United States District Court, C.D. California
February 18, 2014
PAUL OLDS Plaintiff,
3M COMPANY, et al. Defendants.
STATEMENT OF UNCONTROVERTED FACTS AND CONCLUSIONS OF LAW SUPPORTING [PROPOSED] JUDGMENT IN FAVOR OF EATON AEROQUIP LLC, SUCCESSOR BY MERGER TO EATON AEROQUIP INC. F/K/A AEROQUIP CORPORATION
MANUEL REAL, District Judge.
1) This is an asbestos-related personal injury lawsuit filed by plaintiff Paul Olds ("Mr. Olds" or "plaintiff"). As against EATON AEROQUIP LLC, successor by merger to EATON AEROQUIP INC. f/k/a AEROQUIP CORPORATION ("Aeroquip") plaintiff's complaint for personal injury alleges causes of action for negligence, strict liability, and breach of warranty in connection with plaintiff's work as a jet propulsion mechanic in the Air Force from 1948 to 1968.
Evidence: Plaintiff's Complaint, at pp. 17-20, 26, 40-45 [Exhibit "A" attached to the Declaration of Robert Baronian submitted in support of Aeroquip's Renewed Motion for Summary Judgment ("Motion")].
2) During his deposition plaintiff did not testify that he worked with or around any Aeroquip product, or otherwise inhaled asbestos-containing dust from any Aeroquip product.
Evidence: Deposition of Paul Olds, taken on January 16, 2013, at pp. 322:12-324:25, 325:25-327:13, 329:4-23, 333:7-11, 336:5-10, 345:25-346:9, 347:21-25, 350:11-15, 352:8-12, and 354:4-10 (Exhibit F to the Declaration of Robert Baronian submitted in support of Aeroquip's Motion).
3) Plaintiff submitted a subsequent declaration that attached a page from an Aeroquip catalogue. In his declaration, plaintiff identified the first model on that catalogue page as an item he worked with during his Air Force career. The first item depicted on the catalogue page is an Aeroquip fire sleeve, product no. AE102/624. Plaintiff further declared that he recalled orange writing on this item.
Evidence: Declaration of Paul Olds dated October 24, 2013 (Exhibit G to the Declaration of Robert Baronian submitted in support of Aeroquip's Motion).
4) Aeroquip's Person Most Knowledgeable, R. Michael Lefere, worked at Aeroquip from 1965 to 1999 as an engineer and product manager. Mr. Lefere had knowledge of the products at issue and attested by declaration that Aeroquip's AE102/624 product was not available until 1977, more than nine years after plaintiff left the Air Force. Further, Mr. Lefere attested that no Aeroquip product had orange writing. Plaintiff did not submit any evidence to contradict Mr. Lefere's declaration.
Evidence: Declaration of R. Michael Lefere dated December 17, 2013 (Submitted in support of Aeroquip's Motion).
Based on the foregoing Uncontroverted Facts, the Court now makes its Conclusions of Law.
Summary judgment is appropriate if there is no genuine issue of material fact and the moving party is entitled to judgment as a matter of law. Fed. R. Civ. P.56(c). The substantive law determines which facts are material; and a factual issue is genuine if a reasonable jury could return a verdict for the nonmoving party. Anderson v. Liberty Lobby Inc., 477 U.S. 242 (1986).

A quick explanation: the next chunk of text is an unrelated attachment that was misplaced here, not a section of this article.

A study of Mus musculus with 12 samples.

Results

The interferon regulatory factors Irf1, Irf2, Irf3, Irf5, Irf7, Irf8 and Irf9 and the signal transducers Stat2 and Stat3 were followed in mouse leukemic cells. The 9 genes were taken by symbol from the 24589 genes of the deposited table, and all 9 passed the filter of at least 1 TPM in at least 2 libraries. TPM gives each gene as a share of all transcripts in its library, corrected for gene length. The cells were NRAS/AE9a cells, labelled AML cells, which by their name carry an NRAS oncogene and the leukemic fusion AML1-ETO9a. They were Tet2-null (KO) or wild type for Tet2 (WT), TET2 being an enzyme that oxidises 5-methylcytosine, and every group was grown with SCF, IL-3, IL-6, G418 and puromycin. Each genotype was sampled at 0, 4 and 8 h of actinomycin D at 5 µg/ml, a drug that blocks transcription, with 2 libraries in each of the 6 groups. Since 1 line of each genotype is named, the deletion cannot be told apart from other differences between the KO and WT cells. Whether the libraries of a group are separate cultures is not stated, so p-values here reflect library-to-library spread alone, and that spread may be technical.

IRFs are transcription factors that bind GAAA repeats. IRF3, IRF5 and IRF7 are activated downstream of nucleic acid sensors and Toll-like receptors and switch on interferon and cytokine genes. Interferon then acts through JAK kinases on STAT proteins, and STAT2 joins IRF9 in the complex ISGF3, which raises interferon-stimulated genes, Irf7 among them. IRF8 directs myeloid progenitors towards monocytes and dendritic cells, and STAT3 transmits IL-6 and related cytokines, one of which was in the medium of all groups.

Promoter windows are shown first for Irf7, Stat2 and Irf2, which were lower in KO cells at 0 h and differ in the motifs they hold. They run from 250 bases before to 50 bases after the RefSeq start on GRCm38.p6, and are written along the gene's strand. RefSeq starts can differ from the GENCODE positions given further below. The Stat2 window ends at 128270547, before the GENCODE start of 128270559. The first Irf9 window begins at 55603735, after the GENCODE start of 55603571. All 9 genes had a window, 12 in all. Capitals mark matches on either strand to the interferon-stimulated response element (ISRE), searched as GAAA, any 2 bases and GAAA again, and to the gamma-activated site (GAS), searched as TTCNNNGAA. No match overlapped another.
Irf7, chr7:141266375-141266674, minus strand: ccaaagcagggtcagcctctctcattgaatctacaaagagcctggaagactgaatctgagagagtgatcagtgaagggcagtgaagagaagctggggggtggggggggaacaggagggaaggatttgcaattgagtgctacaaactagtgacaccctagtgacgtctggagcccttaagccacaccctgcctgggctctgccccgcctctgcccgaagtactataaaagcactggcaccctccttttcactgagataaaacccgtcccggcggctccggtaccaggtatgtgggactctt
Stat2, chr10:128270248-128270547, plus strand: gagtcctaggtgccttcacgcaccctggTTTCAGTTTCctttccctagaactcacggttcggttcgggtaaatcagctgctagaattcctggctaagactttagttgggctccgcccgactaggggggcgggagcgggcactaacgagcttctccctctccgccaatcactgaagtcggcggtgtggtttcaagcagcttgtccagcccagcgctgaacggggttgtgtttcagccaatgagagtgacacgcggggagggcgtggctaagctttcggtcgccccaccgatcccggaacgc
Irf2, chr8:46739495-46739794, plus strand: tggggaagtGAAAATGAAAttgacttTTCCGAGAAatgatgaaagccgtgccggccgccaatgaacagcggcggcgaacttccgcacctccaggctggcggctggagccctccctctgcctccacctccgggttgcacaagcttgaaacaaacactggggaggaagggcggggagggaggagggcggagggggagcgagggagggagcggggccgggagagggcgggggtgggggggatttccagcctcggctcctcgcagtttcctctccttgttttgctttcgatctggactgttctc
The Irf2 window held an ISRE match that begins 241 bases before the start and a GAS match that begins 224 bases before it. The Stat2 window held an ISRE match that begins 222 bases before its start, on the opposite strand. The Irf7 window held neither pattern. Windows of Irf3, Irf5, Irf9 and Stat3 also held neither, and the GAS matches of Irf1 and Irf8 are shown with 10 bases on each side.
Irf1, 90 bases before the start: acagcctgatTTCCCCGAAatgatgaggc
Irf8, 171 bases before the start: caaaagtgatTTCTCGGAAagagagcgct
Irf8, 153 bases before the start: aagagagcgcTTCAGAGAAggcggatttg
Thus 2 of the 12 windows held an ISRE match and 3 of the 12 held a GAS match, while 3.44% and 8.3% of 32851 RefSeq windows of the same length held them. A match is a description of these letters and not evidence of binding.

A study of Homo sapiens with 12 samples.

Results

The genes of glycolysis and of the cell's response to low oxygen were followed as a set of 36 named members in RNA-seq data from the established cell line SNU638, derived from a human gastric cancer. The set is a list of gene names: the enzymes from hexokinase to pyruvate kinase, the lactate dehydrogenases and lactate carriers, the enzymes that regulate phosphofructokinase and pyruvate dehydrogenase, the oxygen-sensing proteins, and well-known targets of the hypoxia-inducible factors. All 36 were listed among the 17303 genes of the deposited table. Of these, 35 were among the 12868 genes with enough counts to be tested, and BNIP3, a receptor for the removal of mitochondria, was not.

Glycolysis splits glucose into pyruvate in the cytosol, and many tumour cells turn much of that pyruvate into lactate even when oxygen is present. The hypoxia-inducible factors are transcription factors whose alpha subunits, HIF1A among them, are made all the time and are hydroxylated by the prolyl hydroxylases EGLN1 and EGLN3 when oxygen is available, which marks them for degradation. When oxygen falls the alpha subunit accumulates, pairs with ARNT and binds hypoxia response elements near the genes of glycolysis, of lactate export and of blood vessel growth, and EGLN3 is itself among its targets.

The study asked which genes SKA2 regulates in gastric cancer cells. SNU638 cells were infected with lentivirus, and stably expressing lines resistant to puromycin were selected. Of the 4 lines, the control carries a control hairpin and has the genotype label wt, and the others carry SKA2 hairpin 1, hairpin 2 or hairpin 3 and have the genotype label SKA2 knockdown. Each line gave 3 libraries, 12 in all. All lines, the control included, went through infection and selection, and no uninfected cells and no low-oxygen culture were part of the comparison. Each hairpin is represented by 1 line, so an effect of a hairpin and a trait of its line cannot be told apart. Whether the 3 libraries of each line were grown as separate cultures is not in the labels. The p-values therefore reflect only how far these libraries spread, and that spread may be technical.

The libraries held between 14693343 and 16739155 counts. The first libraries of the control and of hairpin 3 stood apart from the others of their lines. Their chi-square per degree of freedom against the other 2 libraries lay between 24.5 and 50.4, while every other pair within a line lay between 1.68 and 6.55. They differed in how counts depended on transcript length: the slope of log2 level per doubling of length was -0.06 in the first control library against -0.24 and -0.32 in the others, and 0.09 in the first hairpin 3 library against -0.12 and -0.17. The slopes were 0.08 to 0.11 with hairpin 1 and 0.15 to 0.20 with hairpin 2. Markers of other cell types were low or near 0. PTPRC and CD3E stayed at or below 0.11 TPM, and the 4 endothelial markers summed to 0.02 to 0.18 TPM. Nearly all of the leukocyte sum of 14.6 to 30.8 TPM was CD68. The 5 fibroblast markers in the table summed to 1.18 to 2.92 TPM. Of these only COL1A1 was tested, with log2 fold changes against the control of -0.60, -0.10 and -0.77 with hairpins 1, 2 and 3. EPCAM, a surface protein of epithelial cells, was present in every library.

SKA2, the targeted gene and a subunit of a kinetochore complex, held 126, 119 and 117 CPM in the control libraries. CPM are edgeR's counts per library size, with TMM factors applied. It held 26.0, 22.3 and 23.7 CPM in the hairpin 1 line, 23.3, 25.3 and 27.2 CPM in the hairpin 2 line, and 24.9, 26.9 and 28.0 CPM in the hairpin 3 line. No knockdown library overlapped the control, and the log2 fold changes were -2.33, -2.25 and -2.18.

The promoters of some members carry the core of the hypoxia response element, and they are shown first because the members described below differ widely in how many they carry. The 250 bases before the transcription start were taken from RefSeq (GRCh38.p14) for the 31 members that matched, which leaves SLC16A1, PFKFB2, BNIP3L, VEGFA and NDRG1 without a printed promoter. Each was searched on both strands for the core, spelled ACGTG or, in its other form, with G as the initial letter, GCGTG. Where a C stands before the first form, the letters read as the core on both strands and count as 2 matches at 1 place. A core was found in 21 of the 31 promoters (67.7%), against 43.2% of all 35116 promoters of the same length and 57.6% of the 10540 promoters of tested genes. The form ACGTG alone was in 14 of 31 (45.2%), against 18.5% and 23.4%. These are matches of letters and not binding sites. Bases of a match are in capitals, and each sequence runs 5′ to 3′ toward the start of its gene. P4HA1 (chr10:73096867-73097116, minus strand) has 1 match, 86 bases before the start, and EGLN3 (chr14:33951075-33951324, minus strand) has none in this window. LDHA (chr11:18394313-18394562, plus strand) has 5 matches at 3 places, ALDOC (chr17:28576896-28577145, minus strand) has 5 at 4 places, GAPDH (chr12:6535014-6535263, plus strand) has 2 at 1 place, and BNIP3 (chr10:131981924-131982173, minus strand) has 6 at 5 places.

The threshold issue in establishing causation between a manufacturer's product and an alleged work place injury is exposure. Garcia v. Joseph Vince Co., 84 Cal.App.3d 868, 874 (1978). An injured party must establish that he or she was actually exposed to a defendant's product in order to maintain an action against that party. Garcia v. Joseph Vince Co., 84 Cal.App.3d 868, 874 (1978); Rutherford v. Owens-Illinois, Inc., 16 Cal.4th 953, 976 (1997). Once exposure is established, an injured party must prove that the exposure was a substantial factor in producing the alleged injury. Lineaweaver v. Plant Insulation Company, 31 Cal.App.4th 1409, 1426-1427 (1995).
All of plaintiff's causes of action against Aeroquip (negligence, strict products liability, and breach of warranty) fail for lack of causation because Aeroquip presented undisputed evidence, including plaintiff's own deposition testimony, that plaintiff was not exposed to any asbestos-containing product for which Aeroquip may be liable.
Plaintiff's deposition testimony wholly failed to identify "Aeroquip" or any Aeroquip product. Plaintiff's subsequent declaration cannot constitute identification of an Aeroquip product sufficient to satisfy the relevant case law. The AE102/624 product plaintiff identified did not exist until years after the alleged exposure period. Combined with the fact that Aeroquip never manufactured or sold a product with orange writing, no reasonable jury could find that the exposure to Aeroquip's fire sleeves was a substantial factor in causing plaintiff's illness.
Because a reasonable jury cannot find that Aeroquip manufactured, supplied or distributed an asbestos-containing product to which plaintiff was exposed, plaintiff cannot prove the fundamental element of causation for any of his claims, and Aeroquip is therefore entitled to summary judgment in its favor. Harris v. Owens-Corning Fiberglas Corp., 102 F.3d 1429, 1432 (7th Cir. 1996); Benshoof v. National Gypsum Co., 978 F.2d 475, 477 (9th Cir. 1992).
Judgment shall be entered in favor of Aeroquip in accordance with these Conclusions of Law.